On a recent morning, I visited a dealership where I was the only person on the sales floor — except for one salesman, who sat at his desk with his back to me.
“Hey, how are things going?” I said, hoping he would at least acknowledge my presence.
“Not really good man. But I just resign myself.” That was his reality.
I chatted with the service manager, who informed me that he would stay “until the end, which shouldn’t be long now.” That was his assumption.
Selling season is upon us and although it might not be what we had hoped, now is the time for leadership and management to do what they should be doing best: leading and managing. How your team perceives their situation is paramount. And assumptions can become reality, as the above example amply demonstrates. Where is their leader? Does he believe and behave differently? I doubt it.
During robust economic times we tend to overlook areas that need attention. Making money can obscure a lot of problems, but we don’t pay attention; business is too good. We’re busy and profitable, so these weaknesses seem unimportant — or at least not critical.
Then the economy slows down, maybe even falls off a cliff, and our problems are still there. Now they really matter, but our attention is already somewhere else. We’ve just gone into “stay afloat at all costs” mode. We become preoccupied with slashing expenses. No hiring, no training, no nothing. We’re in crisis management.
All the while, your team is watching you. If you overlooked problem areas before, why would your team think it might be any different now? Bad habits allowed lead to bad habits learned. For better or for worse, you set the bar for your team, and they will jump no higher than you do.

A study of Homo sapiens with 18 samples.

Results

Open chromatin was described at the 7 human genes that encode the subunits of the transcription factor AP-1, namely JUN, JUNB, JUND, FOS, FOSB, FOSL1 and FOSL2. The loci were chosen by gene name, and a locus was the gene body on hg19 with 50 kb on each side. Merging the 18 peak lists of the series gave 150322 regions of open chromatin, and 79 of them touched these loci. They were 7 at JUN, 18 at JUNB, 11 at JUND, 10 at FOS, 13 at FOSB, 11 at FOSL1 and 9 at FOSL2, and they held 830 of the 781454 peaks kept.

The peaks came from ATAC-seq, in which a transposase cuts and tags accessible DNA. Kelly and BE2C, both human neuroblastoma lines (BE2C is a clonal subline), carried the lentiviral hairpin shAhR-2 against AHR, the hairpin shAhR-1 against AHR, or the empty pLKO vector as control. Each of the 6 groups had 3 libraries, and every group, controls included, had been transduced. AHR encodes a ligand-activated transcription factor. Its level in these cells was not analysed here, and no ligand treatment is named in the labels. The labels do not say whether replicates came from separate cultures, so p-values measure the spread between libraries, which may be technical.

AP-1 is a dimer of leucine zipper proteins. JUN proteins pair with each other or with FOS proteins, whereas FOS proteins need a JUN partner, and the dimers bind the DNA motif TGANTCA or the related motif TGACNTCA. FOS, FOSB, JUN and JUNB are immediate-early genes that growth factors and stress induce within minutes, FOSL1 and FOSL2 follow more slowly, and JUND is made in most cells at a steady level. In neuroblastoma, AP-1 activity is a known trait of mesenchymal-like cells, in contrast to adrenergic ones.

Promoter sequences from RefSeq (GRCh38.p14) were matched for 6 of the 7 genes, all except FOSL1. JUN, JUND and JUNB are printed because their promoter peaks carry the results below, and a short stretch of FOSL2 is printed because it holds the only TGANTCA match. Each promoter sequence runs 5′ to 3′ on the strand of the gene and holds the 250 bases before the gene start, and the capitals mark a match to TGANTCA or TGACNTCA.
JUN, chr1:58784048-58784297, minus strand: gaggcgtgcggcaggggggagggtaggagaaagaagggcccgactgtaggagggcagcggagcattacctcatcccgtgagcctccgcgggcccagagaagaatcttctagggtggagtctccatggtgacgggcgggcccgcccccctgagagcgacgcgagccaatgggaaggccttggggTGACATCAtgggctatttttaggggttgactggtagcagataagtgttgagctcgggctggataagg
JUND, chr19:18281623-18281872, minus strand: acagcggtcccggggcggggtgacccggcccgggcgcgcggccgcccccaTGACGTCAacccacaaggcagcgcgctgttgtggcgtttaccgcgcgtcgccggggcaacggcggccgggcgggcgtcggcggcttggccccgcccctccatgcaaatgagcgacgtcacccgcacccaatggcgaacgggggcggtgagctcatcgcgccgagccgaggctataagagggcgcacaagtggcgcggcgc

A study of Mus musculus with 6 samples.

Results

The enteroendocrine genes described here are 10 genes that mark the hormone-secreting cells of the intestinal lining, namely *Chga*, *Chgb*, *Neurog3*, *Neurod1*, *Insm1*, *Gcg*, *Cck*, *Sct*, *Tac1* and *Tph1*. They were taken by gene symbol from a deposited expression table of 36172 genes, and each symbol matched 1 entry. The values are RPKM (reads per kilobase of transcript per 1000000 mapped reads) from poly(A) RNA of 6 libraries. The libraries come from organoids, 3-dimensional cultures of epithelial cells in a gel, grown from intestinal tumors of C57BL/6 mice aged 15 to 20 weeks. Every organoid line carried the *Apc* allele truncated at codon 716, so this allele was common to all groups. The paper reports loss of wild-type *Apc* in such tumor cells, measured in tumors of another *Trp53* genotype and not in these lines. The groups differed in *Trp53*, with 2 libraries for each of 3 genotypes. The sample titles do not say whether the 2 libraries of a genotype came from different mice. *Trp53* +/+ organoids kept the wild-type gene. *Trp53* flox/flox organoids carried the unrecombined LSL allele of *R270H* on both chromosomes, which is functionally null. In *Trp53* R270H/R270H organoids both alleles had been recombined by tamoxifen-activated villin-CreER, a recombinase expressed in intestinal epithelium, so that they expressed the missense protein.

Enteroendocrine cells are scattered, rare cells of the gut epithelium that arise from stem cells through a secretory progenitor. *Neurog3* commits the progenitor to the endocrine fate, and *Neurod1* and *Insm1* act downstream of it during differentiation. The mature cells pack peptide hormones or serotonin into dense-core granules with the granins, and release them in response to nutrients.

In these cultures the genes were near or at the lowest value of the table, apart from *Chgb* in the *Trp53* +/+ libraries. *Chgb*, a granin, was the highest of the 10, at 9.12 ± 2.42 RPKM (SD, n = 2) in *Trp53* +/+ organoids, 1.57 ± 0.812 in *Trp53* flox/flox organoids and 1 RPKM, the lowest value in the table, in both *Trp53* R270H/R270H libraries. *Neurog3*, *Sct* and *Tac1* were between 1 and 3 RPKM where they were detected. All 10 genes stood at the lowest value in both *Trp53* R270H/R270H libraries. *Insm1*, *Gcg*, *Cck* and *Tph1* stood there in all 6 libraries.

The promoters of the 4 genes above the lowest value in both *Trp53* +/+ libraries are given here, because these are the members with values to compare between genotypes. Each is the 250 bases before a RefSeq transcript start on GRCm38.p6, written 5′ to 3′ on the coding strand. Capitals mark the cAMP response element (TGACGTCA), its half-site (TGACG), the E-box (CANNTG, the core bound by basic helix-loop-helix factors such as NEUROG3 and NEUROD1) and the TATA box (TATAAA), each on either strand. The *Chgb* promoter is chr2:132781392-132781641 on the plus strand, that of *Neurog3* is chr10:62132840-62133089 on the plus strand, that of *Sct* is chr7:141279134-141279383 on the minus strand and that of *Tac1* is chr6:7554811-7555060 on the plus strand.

This economy is a golden opportunity to build a sustainable business based on good leadership and management principles. Yes, we need to reduce inventory and payroll and watch our receivables and cash flow. But make cuts strategically, and invest in training your team to be the best. Now, more than ever, you need solid, well-trained leaders and managers.
Communicate clearly with your team. What they don’t know, they will assume, and those assumptions can be devastating for morale. Have a business plan that is clear to all. Empower your team with training and knowledge. Look long and hard at what needs to be done, and do it. If you need help, seek it. Stop bemoaning the loss of the good old days. Stop saying, “It will never be the same again.”
It’s time for us to get over it, get honest and dig in for the long haul. Set the bar, set it high, and your team will follow.
“People will take any hill, walk into the worst situation, if they have faith in your leadership and know what your strategy and objectives are,” ~ Edward Breen, CEO of Tyco International
Well said! This is a time to step up and set a higher bar. NEVER GIVE UP!